Is your inbox extremely full? Mine is.
How about — is your inbox full of apologies that probably shouldn’t be there? Mine certainly is.

I have many inboxes with tons of messages from people I want to stay in touch with — multiple emails [see note 1]. I’m always reaching out to people from my past to reconnect or to people I’ve met more recently who I want to get to know better.

I’m not interested in small talk so quickly our messages can become long and empathy-filled. These messages can take time to respond to. Do I expect people to drop what they’re doing and immediately take the time to write paragraphs back that both empathize with what I shared and catch me up on their own experiences?


But alas, everyone seems to think I do. Nearly every direct message in my inboxes includes an apology for the time it took to respond. It doesn’t matter whether it took them 3 months or 5 hours, most people seem to feel the guilt.

Now, I’m not saying that there aren’t cases where prompt responses are important! If you’re on a team planning a timely project, you can really hold people up by not responding. It’s up to you to figure out the policies or culture surrounding email at your work or to establish expectations among the people you’re working on time-sensitive projects with.

But don’t let your brain convince you that the email exchange catching up with your old college roommate should give your neurons the same anxious energy [see note 2] as does an email from a colleague about a deadline coming up tomorrow.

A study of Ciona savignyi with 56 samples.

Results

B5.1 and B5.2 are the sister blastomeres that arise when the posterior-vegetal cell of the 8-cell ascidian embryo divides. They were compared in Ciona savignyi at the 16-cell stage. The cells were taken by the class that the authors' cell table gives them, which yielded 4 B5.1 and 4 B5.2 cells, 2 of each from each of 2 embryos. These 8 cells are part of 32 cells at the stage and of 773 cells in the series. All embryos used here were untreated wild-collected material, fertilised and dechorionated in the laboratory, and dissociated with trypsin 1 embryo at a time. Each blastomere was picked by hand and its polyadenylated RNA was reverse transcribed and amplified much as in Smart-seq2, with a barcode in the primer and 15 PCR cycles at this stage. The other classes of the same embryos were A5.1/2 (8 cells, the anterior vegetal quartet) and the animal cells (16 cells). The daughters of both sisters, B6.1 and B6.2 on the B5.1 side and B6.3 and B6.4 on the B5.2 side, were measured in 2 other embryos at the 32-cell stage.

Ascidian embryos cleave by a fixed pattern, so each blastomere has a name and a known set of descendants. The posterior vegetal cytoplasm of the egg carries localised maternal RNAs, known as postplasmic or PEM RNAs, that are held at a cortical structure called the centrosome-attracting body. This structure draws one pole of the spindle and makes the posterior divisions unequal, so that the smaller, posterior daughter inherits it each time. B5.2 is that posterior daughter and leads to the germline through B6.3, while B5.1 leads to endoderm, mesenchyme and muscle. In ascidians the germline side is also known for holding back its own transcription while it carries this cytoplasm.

So, here are miscellaneous thoughts [see note 3] for retraining your brain so that every new online interaction doesn’t cause you unnecessary guilt.

Remind yourself that someone reaching out to you does not create an obligation for you to instantly respond.

Yes, if someone approached you in person and talked to you, it would probably be rude to not respond. But that’s not the situation facing you when your phone vibrates. Smartphones have changed the game but our brains haven’t quite caught up. Almost anyone can reach out to you at any time and we have to adjust our expectations accordingly.

You have to prioritize based on your own needs and the needs of those you’ve committed to help.

Think about how many spoons you have and value your mental energy.

If you feel guilt about the time it’s taking you to respond and that you can’t reach out to the person again until you respond in appropriate depth to what they wrote you, you’re less likely to respond! Let’s keep our friendships low pressure and keep things fun.

April 30th is Email Debt Forgiveness Day. This holiday was created because of the rampant issue of people not responding to emails because of their awkward feelings about the time it’s been since they feel they should have responded.

So, what shall we do to get away from this shame we all seem to feel about the rate by which we responded to our messages?

[To read about advice for feeling less guilt in our interactions, check out the rest of this piece.]